Writing music inspired by a film is fairly common; making a film to inspire music is much less so. Christian Marclay's Screen Play is subtitled "To be interpreted by a small group of musicians" and the Vooruit brought lined up three different groups to do so, one after the other (yes, that means we watched the half-hour film three times in a row).
The film itself was an assemblage of old stock and movie footage upon which bright, solid-coloured lines, dots and squares were drawn (see photos). Sometimes they interacted with the images, as when a wavy blue line was laid over ocean scenes or the characters' eyes followed the drawings' movements. Marclay didn't shy away from laughs or sentimentality and constantly set up sequences that tricked you into thinking there was a narrative. A favourite moment was when a conductor's hand left an elegant, curvy white scribble that ended up drifting away when someone blew out a candle. To underscore its role, the film ends with a woman closing a piano's keyboard lid.
Tetuzi Akiyama, Stef Irritant, Ignatz
The three guitarists (acoustic, electric and slide) played a restful accompaniment that remained totally detached from the frenetic pace of the on-screen action. They started with a rustic, almost countrified feel and later slipped in some Indian tampura-style drones, but kept a slow-moving, ambient feel throughout. For the first half of the film, simple melodies with a trembling, evanescent charm emerged. When they shifted to a less focused form of improvisation, things seemed to wander and lose inspiration.
Jason Lescalleet, Greg Kelley, Bhob Rainey
This set interacted slightly more with the film: Rainey went so far as to mirror Marclay's humour by playing a circular pattern as a ballerina spun. Rainey and Greg Kelley belong to some of the most exploratory reaches of improvisation, but their contributions were somewhat overwhelmed by the power of Jason Lescalleet's set-up, so I'd like to hear them in a duo context. He produced rumbles, static, partial beats and samples of voices and even of a symphony. The latter demonstrated the organising power of Classical music over movies in general, as the disparate images immediately took on a new sense of order. In terms of trio balance, it was only when Lescalleet abandoned most of his gear and swung an object of some sort around on a cord in front of a microphone that everyone felt on the same plane.
Steve Beresford, John Butcher, Paul Lovens
This was the most free-jazz-like set, becayse of the reaction time, variable dynamics and drama, and therefore the one that most interacted with the film. Paul Lovens was actually the only musician to look at the projection screen at the back of the stage rather than the TV set up at the front. It was also a little more old-school, as Steve Beresford operated as an electronic musician, producing sci-fi buzzes and tones, as opposed to Lescalleet's more deejaying approach. Lovens's sense of humour found plenty of occasions to express itself: he was like an old-fashioned sound effects man, mimicking galloping horses and rolling cars.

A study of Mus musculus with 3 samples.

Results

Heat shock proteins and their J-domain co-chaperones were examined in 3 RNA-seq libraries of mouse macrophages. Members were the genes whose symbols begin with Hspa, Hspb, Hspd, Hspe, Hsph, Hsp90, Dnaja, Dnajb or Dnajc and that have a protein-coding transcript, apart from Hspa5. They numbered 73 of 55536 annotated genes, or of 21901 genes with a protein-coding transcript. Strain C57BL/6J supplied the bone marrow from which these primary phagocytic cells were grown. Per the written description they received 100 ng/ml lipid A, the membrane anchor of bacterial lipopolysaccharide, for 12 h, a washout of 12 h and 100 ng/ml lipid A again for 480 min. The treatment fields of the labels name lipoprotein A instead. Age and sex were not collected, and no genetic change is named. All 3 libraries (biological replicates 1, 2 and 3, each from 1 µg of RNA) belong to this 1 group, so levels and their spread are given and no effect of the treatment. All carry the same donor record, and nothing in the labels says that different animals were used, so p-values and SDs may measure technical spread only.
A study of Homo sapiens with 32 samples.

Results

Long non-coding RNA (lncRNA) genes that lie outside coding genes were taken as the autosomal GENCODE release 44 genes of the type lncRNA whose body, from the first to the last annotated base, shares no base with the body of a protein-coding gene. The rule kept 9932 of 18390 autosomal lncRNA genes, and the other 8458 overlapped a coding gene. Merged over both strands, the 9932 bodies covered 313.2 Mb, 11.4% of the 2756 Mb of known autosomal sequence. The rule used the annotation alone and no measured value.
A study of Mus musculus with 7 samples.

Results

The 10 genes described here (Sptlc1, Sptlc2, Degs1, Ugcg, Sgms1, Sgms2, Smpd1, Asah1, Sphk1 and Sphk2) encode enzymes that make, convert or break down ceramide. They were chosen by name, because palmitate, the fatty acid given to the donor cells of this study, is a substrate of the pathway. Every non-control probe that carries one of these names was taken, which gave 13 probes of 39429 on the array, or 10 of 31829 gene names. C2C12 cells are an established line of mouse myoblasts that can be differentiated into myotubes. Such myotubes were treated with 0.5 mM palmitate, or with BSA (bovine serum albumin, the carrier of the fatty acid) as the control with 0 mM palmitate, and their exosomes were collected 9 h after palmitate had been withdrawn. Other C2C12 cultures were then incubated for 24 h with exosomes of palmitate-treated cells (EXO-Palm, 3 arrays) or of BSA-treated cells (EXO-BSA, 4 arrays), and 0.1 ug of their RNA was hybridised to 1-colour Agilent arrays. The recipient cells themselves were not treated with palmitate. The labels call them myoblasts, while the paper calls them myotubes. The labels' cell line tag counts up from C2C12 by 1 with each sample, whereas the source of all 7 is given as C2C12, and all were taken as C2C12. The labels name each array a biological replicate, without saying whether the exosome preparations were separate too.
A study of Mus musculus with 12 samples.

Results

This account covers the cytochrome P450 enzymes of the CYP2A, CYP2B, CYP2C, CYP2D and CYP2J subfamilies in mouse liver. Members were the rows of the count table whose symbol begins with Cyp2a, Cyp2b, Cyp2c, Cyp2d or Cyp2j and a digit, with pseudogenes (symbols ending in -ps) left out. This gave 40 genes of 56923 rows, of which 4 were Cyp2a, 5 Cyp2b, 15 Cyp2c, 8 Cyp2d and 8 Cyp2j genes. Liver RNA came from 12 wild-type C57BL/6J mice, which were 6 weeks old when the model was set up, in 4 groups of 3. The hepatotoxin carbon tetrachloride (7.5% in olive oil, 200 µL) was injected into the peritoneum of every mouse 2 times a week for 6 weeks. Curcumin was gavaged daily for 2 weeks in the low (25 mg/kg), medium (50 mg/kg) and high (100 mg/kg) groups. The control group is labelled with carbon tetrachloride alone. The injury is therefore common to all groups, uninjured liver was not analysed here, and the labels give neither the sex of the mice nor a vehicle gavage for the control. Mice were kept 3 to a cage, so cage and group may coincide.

I was happy to see John Butcher at some length for the first time (I had to leave a concert of his with Phil Minton a few years ago because I was with friends unappreciative of that kind of music). Like Kelley and Rainey, he has developed a sonic language that pushes back the boundaries of his instrument's soundworld. Of late, I've been wondering about what avant-garde jazz could mean today. This might not be it, but it reassured me that there was plenty of Crazy Experimental Freedom happening, just like thirty years ago.
Given that I had just come from the Jimmy Cobb concert, I couldn't help but think about how many degrees separated Lovens, Butcher, Kelley and Rainey from Cobb. Lovens is quite clearly a jazz drummer, or at least he has been when I've seen him with Aki Takase and Alexander Von Schlippenbach, directly descended from those of the 50s and 60s, with perhaps, like Han Bennink, a lingering fondness for the exuberance of the Swing era drummers.
I tend to think of sound-based improvisers such as the other three as expanding on what I call the "in-between" sounds inherent in jazz: slurs, attacks, flourishes and exclamations expanded from transitions to destinations. It seems to me that all this is at least partially germinated from, for example, Don Cherry, in the way his lines struggle against all these parasitic sounds. This sound orientation is not per se an avant-garde thing: 50s Miles Davis, Lester Young's false fingerings as he honked on one note, or more blues-based players from Stanley Turrentine to Archie Shepp all developed this in-between vocabulary that had more to do with texture and vocalisation - pure sound - than harmony, or whatever. It's not a narrowing, either: the exploration of the in-between creates its own new space that expands into its own vocabulary and ends up recombining with other things. So I kind of want to believe that they are no more than three to four degrees away from Cobb, through his association with Coltrane, for example.